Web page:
What can Riding a Paddle Board Teach us about Innovation?


As winter finally comes to a close it is inspiring to see the trees starting to bud and the tulips sprouting through last year’s decomposed leaves. With all of this vitality I can’t help but think about the summer ahead and the fond memories of summers past. One memory especially comes to mind. Last summer while on Vancouver Island with my family I was able to experience paddle boarding for the first time. Personally I found it be an incredible experience but learning to stand up and stay dry required a tremendous amount of mental and physical focus. In thinking about this experience I couldn’t help but see the parallels in these learnings to my day job helping organizations across North America to accelerate innovation. I’ve shared these below along with some advice on how to succeed!

  1. Never look down; Always look ahead – The first thing anyone will tell you about paddle boarding is to always look ahead and never, never look down. Looking down throws off your visual center of gravity and leads to an unexpected swim. When we think about innovation I would argue that the same rules apply. Most organizations that struggle with innovation spend the majority of their time looking down and not ahead. “Looking Down” in an enterprise context is generally called “Keeping the Lights On”; driving consistent operations on existing systems. The more time we spend “Keeping the Lights On” the less time, money and focus we have to drive innovation. Organizations that attempt to innovate without alleviating these operational burdens typically find their innovation projects are not successful or do not drive expected benefits. Advice – Be relentless in driving automation and abstraction across your existing IT services. This will free up time and resources to look ahead.
  2. Stay mentally focused; Don’t let your mind drift away – When we stand up on a paddle board for the first time it can be exhilarating! Typically we take our first few strokes and then start to look around. Before we know it we are thinking about the birds, the clouds, the wind and then splash; we’re wet! Many organizations today suffer from the same issues when it comes to innovation. Initially teams are very focused and aligned but with time distractions creep into the mix in the form of organizational changes or competitive vendors driving a wedge into the alignment and focus. Advice – Keep your teams focused on projects by driving visibility to “Project Outcomes” and a structured governance model to quickly solve and/or minimize distractions. I covered this off in detail in a past blog.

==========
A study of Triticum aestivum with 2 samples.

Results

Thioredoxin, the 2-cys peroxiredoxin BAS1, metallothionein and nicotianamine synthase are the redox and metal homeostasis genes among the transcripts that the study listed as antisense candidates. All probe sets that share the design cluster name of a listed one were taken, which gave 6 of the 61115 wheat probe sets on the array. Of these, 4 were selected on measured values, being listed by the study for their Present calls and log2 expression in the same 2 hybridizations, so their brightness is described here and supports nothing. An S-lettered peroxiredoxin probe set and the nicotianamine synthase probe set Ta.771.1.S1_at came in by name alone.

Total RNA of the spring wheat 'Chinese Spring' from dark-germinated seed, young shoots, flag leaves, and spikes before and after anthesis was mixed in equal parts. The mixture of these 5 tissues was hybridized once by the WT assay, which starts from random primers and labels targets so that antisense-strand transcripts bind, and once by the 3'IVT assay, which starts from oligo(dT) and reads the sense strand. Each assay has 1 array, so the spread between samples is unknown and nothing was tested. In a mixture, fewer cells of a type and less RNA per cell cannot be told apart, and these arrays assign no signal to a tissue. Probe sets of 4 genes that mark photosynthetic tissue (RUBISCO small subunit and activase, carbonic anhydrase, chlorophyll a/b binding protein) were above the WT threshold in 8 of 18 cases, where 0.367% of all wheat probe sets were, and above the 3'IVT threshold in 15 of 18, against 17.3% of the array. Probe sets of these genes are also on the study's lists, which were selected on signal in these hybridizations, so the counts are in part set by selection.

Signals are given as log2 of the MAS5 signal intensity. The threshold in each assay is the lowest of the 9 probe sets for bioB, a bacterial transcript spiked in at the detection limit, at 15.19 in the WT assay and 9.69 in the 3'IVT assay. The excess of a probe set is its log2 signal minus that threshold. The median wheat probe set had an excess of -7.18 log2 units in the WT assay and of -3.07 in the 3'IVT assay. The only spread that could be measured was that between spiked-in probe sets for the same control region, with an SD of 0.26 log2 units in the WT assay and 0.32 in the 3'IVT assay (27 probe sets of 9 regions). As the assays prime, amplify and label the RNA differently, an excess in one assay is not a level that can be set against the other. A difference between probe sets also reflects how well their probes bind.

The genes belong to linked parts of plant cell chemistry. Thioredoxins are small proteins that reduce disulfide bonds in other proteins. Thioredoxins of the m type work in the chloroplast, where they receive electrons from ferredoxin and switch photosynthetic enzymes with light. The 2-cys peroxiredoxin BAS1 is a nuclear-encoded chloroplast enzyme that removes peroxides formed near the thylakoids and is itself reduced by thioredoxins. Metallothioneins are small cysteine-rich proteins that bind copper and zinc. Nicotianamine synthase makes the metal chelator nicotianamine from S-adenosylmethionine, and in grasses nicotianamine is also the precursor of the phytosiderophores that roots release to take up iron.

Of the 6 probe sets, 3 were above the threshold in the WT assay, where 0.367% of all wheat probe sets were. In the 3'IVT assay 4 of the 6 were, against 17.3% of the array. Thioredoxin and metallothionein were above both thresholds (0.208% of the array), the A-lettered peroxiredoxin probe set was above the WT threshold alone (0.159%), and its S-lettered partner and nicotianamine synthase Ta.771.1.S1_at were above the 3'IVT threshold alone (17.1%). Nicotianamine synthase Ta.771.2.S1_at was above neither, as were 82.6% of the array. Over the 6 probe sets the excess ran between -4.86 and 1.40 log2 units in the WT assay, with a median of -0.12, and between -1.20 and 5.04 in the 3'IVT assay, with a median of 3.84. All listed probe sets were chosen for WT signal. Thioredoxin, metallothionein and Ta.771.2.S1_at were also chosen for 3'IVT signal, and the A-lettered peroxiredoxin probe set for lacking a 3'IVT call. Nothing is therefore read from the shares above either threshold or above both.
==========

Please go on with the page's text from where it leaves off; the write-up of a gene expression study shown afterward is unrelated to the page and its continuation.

3. Balance comes starts with core muscles; These are a pre-requisite – I can’t think of any better test of your core muscles than stepping on a paddle board. It’s these muscles that allow us to stay balanced by absorbing waves and keeping the rest of the body balanced. I was surprised at how sore my core muscles were the day after we paddle boarded; proof of how much they were engaged and working even though I thought most of the exertion was in my arms and legs. Innovation is very similar. Our lines of business are driving innovation projects but at times failing to engage their “core muscles” choosing instead to deliver these projects independently sometimes referred to as Shadow IT. These projects often get off the ground but hit major challenges when the first wave hits and they need to react. Advice – Innovation is an enterprise wide initiative. Gain support early from all executives that teams will work together to act as “one team”. Encourage quick remediation to any issues between teams. Discourage shadow-IT at all costs.
  4. Don’t shift your weight too dramatically; Keep both feet engaged at all times – Personally this was the most difficult part of learning to paddle board. You need to learn to move and adjust your feet without dramatically shifting your weight; any  weight shift sends you flying. Today, among enterprises striving to drive more innovation we see this as a balance between Mode 1 – Systems of Record and Mode 2 – Systems of Innovation. Organizations have to balance their strategy across both of these “legs” ensuring not to shift their weight too fast or too dramatically. I touch on this topic in more detail in a past blog entry. Advice – Keep your organizational innovation agenda balanced across traditional and modern applications and services recognizing that you will need both to meet the needs of your end consumer.
  5. Degree of Difficulty is directly dependant on where you choose to enter  – My advice to novice paddle boarders; find a calm and quiet beach where you can wade in and get your bearings and build your skills and confidence. Spend a few minutes to study your surroundings before you jump in attempting to avoid rough water, dock entries and other watercraft until you acquire your “Sea legs”.  In the world of innovation this equates to starting your innovation journey by tackling quick projects with limited complexity allowing for quick wins to build your teams confidence. Advice – Prioritize low complexity projects at the beginning of your journey and balance the projects you commit to deliver against the competency and experience of your team

Now let’s go have some fun; just remember your sunblock!